BY MADDY O’CALLAGHAN
Capital News Service
LANSING — Rising unemployment and job insecurity during the coronavirus pandemic are creating complications for parents in the child support system.
Child support orders are flexible, but only with an agreement between parents or by a court decision, according to Elizabeth Bransdorfer, the chair of the Family Law Section of the State Bar of Michigan.
Meanwhile, the state Department of Health and Human Services has announced that stimulus payments to noncustodial parents who owe child support will now go to the custodial parent.
That’s a requirement of the new federal program, the department said.
Bransdorfer, a Grand Rapids attorney, said, ““The first thing to remember is that all court orders need to be obeyed until they are changed.Courts want parents to agree, so that should always be a first step.”
According to John Nevin, the communications director at the Michigan Supreme Court, the state had 811,980 child support cases as of 2018.
Nevin said that the best thing a parent can do if he or she cannot pay support is to communicate the problem to the other parent and then communicate it to the Friend of the Court.
The Friend of the Court is an arm of the justice system that helps judges with “custody, parenting time and child support issues and assists parents in resolving disputes,” according to michiganlegalhelp.org.
Bransdorfer said communication between parents is an important first step. “Listen to their response and think about what is best for your child.”
She said that although many families can take that first step without a lawyer, it’s important to get legal advice before an agreement is written into an order and submitted to a judge for approval.
According to Bransdorfer, most child support payers have money withheld from their paychecks to cover their obligations. If a parent’s work hours are reduced during the pandemic, the amount withheld will be capped at 50% by federal law.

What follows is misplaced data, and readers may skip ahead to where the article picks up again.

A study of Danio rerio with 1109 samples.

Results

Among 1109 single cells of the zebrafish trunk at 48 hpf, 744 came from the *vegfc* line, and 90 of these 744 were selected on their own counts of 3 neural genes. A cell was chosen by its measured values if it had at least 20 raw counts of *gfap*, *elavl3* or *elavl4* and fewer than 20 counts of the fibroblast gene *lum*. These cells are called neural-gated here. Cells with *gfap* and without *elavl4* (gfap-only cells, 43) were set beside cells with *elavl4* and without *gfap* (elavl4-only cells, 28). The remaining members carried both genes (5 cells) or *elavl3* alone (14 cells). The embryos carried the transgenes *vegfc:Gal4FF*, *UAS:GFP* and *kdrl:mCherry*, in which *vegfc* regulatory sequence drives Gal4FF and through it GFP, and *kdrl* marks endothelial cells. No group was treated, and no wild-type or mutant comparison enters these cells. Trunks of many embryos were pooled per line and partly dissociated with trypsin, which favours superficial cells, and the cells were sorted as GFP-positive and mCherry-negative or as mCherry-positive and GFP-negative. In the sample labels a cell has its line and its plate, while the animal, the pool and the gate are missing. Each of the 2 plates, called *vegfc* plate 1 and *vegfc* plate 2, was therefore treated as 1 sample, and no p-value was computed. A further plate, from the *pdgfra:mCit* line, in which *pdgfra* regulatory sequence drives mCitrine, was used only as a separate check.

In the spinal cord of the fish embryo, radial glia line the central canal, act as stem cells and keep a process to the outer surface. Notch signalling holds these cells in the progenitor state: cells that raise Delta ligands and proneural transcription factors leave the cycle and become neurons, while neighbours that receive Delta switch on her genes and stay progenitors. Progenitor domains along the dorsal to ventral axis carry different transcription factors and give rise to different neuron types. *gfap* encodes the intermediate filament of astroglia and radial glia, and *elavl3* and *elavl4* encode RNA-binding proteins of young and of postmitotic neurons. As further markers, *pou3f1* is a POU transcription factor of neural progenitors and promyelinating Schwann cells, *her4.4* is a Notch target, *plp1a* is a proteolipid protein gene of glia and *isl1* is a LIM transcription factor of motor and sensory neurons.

Another major problem is when a parent obligated to pay support loses his or her job or gets a pay cut. Bransdorfer said that if it’s unfair to expect a parent to pay full support, courts are willing to to reduce or suspend it.
“Courts may want to ease up on enforcement, but they can’t unless the recipient parent agrees,” Bransdorfer said.
In some cases a parent needs an increase in support, especially if child care costs rise because schools are closed.
Because court buildings are closed during the pandemic, filing a motion to change the support amount must be done by mail.
Courts are not issuing bench warrants for parents who fail to pay because they had to close their offices during the pandemic, but will do so once they open again.
Both Bransdorfer and Nevin said the best way to avoid that situation is to communicate with the Friend of the Court.
“Rarely will the court or Friend of the Court try to take punitive or coercive action against a person who is acting in good faith to do his or her best to pay support,” Nevin said.
Bransdorfer said there’s no way to know how reduced child support will affect families, but many will have a significant loss of income that means some bills will go unpaid.
“Communities are doing what they can to help make up for missed school lunches and food pantries are setting up processes to distribute food while social distancing,” Bransdorfer said. “Many families will need to rely on their extended family, friends and available community resources.”
Bransdorfer said families should explore the relief available under the federal CARES Act, as well as expanded unemployment benefits.
If a parent cannot afford a lawyer to help with the process, Bransdorfer recommends that they try their county website under “courts” or use www.michiganlegalhelp.com.